Coding Path Questions?

Hello @mtf,

Thank you for the encouraging words. I for sure will be staying the course just had a frustrating moment last night trying to code the items listed below:

> authors = “Audre Lorde,Gabriela Mistral,Jean Toomer,An Qi,Walt Whitman,Shel Silverstein,Carmen Boullosa,Kamala Suraiyya,Langston Hughes,Adrienne Rich,Nikki Giovanni” > author_names = authors.split(‘,’) > print(author_names, “\n”) > author_last_names = > for name in author_names: > author_last_names.append(name.split(" ")[-1]) > print(author_last_names, “\n”) > print(authors[-1], “\n”)

The line of code that got me was :

for name in author_names:
author_last_names.append(name.split(" ")[-1])

I had no idea that I could use name.split()[-1]

I think I understand it now. Correct me if I am wrong…I had a split list and was able to get this item in the list due to it being in the -1 spot of the index?

Thank you again for your patience. I really do appreciate your time.

Best Regards


Hello @mtf,

Thank you again for your explanation. It is much appreciated. Still keeping at it. Working on split and join at the moment.

Best Regards.


    iterable = ?
    i = ?
    n = len(iterable)
    r = range(-n, n)
    v = i in r    #  will be True if i is in range

This is stuff that you will know in your sleep. Don’t make it harder to learn than it actually is.

Hello @mtf

Thank you once again for your help in the explanation you provided. I am always grateful.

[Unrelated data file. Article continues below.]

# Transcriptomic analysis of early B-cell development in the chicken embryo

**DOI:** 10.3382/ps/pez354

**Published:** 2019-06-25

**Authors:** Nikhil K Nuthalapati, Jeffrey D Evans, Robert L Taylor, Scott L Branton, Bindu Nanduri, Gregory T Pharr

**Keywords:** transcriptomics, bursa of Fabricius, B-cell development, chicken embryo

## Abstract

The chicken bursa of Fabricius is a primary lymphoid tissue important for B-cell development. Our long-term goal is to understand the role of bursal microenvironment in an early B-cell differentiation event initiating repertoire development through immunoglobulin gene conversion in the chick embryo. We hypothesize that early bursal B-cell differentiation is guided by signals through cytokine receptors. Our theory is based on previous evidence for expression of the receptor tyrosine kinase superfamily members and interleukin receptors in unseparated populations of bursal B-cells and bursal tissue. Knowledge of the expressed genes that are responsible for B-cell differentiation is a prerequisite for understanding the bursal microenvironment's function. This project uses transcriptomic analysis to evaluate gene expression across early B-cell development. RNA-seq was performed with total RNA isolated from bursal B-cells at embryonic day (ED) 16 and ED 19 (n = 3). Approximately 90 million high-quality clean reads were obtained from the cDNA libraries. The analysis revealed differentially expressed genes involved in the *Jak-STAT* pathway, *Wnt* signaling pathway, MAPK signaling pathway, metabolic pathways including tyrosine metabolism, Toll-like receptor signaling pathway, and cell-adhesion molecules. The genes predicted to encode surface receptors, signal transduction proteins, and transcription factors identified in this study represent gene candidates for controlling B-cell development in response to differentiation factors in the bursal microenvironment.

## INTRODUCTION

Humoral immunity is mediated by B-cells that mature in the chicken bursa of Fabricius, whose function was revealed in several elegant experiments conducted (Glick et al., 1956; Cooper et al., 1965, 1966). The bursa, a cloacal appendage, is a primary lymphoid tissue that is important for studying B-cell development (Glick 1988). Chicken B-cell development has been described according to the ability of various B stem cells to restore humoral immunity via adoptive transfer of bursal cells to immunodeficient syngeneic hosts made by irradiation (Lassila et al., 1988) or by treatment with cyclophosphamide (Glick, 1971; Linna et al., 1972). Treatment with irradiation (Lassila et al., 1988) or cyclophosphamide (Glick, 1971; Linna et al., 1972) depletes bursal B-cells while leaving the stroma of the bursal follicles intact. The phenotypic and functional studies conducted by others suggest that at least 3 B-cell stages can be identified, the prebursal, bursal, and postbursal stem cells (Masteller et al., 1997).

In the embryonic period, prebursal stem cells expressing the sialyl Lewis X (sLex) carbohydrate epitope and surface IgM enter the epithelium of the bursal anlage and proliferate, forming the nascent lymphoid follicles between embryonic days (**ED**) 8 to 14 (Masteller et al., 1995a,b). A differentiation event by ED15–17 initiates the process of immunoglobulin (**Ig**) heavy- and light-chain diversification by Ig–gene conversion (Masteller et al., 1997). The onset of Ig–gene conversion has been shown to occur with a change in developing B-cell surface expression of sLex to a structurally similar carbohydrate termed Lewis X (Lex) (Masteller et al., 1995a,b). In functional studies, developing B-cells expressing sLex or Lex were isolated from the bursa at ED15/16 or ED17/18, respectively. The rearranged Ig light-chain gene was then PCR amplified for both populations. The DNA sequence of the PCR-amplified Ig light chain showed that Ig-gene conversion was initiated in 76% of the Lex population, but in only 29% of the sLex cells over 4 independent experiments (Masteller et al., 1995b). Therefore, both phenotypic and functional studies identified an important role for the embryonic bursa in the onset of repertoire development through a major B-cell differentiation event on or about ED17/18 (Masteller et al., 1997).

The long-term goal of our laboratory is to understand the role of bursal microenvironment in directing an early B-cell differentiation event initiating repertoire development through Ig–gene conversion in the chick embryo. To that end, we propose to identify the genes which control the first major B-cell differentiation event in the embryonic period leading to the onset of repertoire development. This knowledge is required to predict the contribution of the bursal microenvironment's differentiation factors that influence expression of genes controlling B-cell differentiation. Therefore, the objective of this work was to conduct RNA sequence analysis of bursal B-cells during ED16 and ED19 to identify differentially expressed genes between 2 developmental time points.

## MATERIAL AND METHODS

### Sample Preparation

I was wondering if you could help me understand why the code below is using a "toomer bio = " I don’t understand the = \ part of the code.

toomer_bio = \ """ Nathan Pinchback Tomer, who adopted the name Jean Tomer early in his literary career, was born in Washington, D.C. in 1894. Jean is the son of Nathan Tomer was a mixed-race freedman, born into slavery in 1839 in Chatham County, North Carolina. Jean Tomer is most well known for his first book Cane, which vividly portrays the life of African-Americans in southern farmlands. """

Thank you for your time and help.


In Python, \ at the end of a line just before a line break signals, ‘continuation’ to the interpreter, and thus the line break is ignored. Technically, line 2 above will raise an error given it has a newline (line break) without the continuation operator.


Thank you so much for your comments in regards to the line of code with the \ syntax. When I remove the \ character I get the following error message:

File “”, line 1
daily_sales =
SyntaxError: invalid syntax

As soon as I add the \ character to the string with the “”" characters I don’t get the syntax error message any further.

Good news is I finished up the string project that had thread count, name of customer and sales amount. I did pretty good throughout most of the project. I needed some help of course on some of the items but my mind is starting to work through some of the concepts that I am struggling with. I of course am no master at python but I am showing up each day to try and learn more. I am about to start another project which most likely I will do tomorrow.

The one .method that is messing me up is the .format method. I am still trying to understand it better.

Thank you as always for your time and help.

Best Regards,


The thing to keep note of is the directives that can be applied to placeholder expressions. They are explained in the % early days in terms of type, and expanded in the .format() literature. I won’t get into it, here but leave you to do the reading.

When you have a good handle on .format() and feel comfortable playing around with it, migrate that understanding to the newest form of string formating, f-string which expands on the directives even further. Don’t skip the .format reading. It is essential to getting a handle on this new method. In the end, you will find it easy to adopt and use and never look back on the older methods. One thing at a time so you become totally immersed in the whole string formating idea.